I’m working nights this week, but I thought it would be fun to cook up something spring-related for St. Patrick’s day. I decided to turn to “Sunday Suppers at Lucques” by Suzanne Goin, where she does a bunch of seasonal menus, because I remembered that there was a St. Patrick’s day menu.
The whole menu is as follows, I only did the soup and the toasts with relish.
Her current recipe for today is this:
tuesday, march 17
four course saint patrick’s day dinner
coddle and slow-roasted salmon boxtys with
lambs lettuce, thick cream and soft herbs
emerald green watercress soup with
dublin lawyer and bay prawns
buttered cockles with sweet peas,
green garlic champ and brown scones
corned beef and cabbage with carrots,
turnips and parsley-mustard sauce
chocolate-stout cake with
guinness ice cream
irish whiskey flights and guinness stout available
I did the watercress soup with the relish toast. If you’ve never seen this book, I think it’s worth picking up. It is VERY labor intensive, and takes far, far longer to cook the food than to eat it. But there are great lessons in there, and I’ve never made anything out of this book that wasn’t incredible, unless I just totally screwed it up.
Watercress soup (I don’t have access to McGrath farms, sorry, and it looked silly as Harris Teeter’s Watercress soup)
This is a slightly bitter, buttery soup that would be best served in small portions. On the surface it’s easy to make, but you’ll see that she raised the bar a bit. This soup is made in three parts:
Make a vegetable stock
Fortify the vegetable stock
Wilt the watercress/blend the soup
1 cup thin sliced onion, preferably yellow
Red pepper flakes or a small dried chile crushed
Butter, unsalted, of course
5 cups of watercress, which amounts to two bunches at my grocery store
2 diced celery stalks, 1 diced carrott, 2 diced leeks
Make a vegatable stock
Medium heat. Melt and foam 4 tbsp of butter. Add the onions, celery, leeks, carrots, and chile with a dash of salt and pepper. Sweat the veg and just start to caramelize, approx 5-10 min.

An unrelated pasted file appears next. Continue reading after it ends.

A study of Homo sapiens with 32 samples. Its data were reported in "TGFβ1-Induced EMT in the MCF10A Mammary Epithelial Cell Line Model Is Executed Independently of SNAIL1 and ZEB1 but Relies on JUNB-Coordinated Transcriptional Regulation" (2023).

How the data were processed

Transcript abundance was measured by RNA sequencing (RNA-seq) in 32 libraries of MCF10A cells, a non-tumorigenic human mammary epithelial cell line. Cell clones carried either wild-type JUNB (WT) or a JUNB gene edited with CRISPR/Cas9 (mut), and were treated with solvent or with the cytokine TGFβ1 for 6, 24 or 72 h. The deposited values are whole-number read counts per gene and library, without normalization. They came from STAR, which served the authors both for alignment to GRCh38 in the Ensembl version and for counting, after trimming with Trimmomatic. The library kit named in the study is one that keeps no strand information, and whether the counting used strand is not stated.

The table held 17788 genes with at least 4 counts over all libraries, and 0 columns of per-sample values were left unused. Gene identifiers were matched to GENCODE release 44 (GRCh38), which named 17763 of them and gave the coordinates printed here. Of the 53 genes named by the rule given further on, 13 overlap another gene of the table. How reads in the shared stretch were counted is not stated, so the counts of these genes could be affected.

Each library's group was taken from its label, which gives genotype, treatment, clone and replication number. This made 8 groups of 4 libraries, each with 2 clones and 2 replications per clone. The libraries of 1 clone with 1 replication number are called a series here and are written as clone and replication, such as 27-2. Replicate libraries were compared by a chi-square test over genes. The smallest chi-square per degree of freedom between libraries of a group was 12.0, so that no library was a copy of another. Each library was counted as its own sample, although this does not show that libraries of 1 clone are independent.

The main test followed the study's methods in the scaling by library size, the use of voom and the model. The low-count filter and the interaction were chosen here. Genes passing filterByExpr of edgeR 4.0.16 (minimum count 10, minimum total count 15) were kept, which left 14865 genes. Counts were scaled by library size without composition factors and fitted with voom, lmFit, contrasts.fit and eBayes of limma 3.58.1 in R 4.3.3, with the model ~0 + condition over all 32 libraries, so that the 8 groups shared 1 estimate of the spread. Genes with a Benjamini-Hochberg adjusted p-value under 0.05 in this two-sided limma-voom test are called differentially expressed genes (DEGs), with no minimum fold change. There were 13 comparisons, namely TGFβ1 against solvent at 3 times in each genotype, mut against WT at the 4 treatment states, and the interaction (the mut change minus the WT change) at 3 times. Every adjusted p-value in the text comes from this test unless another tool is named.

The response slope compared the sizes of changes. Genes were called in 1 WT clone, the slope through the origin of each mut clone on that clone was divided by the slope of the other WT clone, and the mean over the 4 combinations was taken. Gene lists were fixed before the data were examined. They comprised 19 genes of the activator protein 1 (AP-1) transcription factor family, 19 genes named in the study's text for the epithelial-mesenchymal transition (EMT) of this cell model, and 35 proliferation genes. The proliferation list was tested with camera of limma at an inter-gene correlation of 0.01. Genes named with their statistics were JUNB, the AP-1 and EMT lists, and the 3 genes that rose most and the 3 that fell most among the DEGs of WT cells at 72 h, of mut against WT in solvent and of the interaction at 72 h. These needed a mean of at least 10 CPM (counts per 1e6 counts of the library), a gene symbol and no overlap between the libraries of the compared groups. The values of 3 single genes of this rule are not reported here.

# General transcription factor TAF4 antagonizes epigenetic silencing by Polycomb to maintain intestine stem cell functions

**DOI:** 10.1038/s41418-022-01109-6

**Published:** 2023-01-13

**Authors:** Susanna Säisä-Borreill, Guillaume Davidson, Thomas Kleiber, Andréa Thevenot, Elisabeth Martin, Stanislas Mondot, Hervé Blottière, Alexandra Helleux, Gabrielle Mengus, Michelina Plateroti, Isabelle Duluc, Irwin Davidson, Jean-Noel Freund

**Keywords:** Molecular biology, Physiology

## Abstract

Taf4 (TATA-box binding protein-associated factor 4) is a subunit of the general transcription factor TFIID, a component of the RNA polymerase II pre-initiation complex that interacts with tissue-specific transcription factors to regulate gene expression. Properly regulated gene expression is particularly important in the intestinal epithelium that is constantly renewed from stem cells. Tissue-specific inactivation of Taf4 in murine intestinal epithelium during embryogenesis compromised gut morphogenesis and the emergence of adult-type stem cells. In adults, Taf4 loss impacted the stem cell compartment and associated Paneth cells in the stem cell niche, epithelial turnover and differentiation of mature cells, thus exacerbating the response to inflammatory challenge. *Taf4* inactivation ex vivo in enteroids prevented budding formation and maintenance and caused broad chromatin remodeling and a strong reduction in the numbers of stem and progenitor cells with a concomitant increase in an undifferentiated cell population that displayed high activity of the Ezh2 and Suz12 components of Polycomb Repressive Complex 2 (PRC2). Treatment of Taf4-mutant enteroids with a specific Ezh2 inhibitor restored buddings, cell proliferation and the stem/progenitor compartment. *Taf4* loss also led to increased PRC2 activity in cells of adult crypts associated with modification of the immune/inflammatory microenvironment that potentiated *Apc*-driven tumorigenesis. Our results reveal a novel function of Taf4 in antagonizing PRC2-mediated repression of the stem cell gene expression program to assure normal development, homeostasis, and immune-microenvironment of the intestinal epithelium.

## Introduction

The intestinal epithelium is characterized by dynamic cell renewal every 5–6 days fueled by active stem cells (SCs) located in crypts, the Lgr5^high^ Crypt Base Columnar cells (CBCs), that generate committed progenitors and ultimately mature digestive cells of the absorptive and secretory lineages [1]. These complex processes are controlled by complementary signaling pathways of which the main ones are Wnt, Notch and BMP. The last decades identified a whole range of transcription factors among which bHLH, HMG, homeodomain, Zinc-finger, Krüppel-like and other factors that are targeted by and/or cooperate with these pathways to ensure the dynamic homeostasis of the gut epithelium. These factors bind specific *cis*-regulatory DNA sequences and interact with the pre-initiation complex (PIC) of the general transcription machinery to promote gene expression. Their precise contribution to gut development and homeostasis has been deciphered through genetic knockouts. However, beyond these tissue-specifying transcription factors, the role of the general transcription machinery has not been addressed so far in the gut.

Turn to high heat, add 2.5 quarts of water and bring to quick boil, immediately dropping back down to let it simmer for 30 minutes. Add a couple of stalks of flat parsley and a couple of sprigs of thyme or some coarse powedered thyme if you don’t have it fresh.
She of course, never mentions defatting the stock or skimming it. It’s implied, and although a little painful and needs babysitting, results in a better product in general. For this soup, it’s hard to know exactly how best to approach that. The final blended soup should be sort of an emulsion, and the less fat, the more likely it will “break.”
Once it’s done, strain coarsely with a colander and then with a chinois or cheesecloth. You could let it cool and then defat it a little more. It’s easier to do it that way. For this recipe, it’s not critical, because it’s going to be a blended soup. By itself, this stock is really incredible, and if you just wanted to throw some chicken or pork and a couple of vegetables, it would be great. Set the stock aside when you’ve “fixed it” and prepare to fortify it.
Fortify the vegatable stock
1 cup of diced onions
Cayenne pepper powder
3 tbsp of butter
Medium heat, melt and foam the butter, treat the onions the same as before. Sweat, just start to caramelize. Add the seasoning, then add the stock and bring to high heat just under boiling point. Taste for seasoning. Yo
u’re not reducing this, so salt to taste.
Wilt the watercress/blend the soup
1 cup of heavy cream
2 tbsp each of flat parsley, chives, and tarragon
Fortified veggie stock, approx 6-8 cups
Things will go pretty quickly from here, and this is one of the easiest parts to screw up. You can do this in two batches, I think.
Add piping hot broth to a bunch of watercress, and let it wilt. How and where you do that, I’m not really sure, but I think this is where you have to wilt a little at a time. The alternative is to blanch it in the stock. The point here is that you want it to soften, you don’t want to overcook it. The alternative is to wilt it in a sautee’ pan, but you risk overcooking it because the heat of the broth could mess it up.
Mix 2-3 cups of broth with half of the watercress and half of the herb in the blender and blend slowly increasing speed until you have smooth puree. As with all of the blended soups, you’re looking for the texture of heavy cream. Speaking of which, add 1/2 a cup of it with the blended mixture. Put it into a separate sauce pan. Repeat with the rest of your ingredients. Balance your seasoning, and you’re done. Man, all that for soup.
The quick way is to skip both stock parts and do it with store bought veggie stock or light chicken broth, but that wouldn’t be the same, would it?
Your finished product is nearly fluorescent green soup, perfect for St. Patrick’s Day!
6 tbsp (yep) of butter
1 tsp of anchovy, oil packed (one whole fillet) minced
dash of lemon juice
tsp of lemon or orange zest
tbsp of parsley
salt, pepper, cayenne pepper
Whip all of that together, and put it on the crostini. If you have anchovy haters in you house, don’t tell them you put it in there, they won’t really be able to taste it. It actually has a very sweet flavor, would go great with breakfast or as part of an appetizer.
The finished product, with (what else?) a yard of Guinness.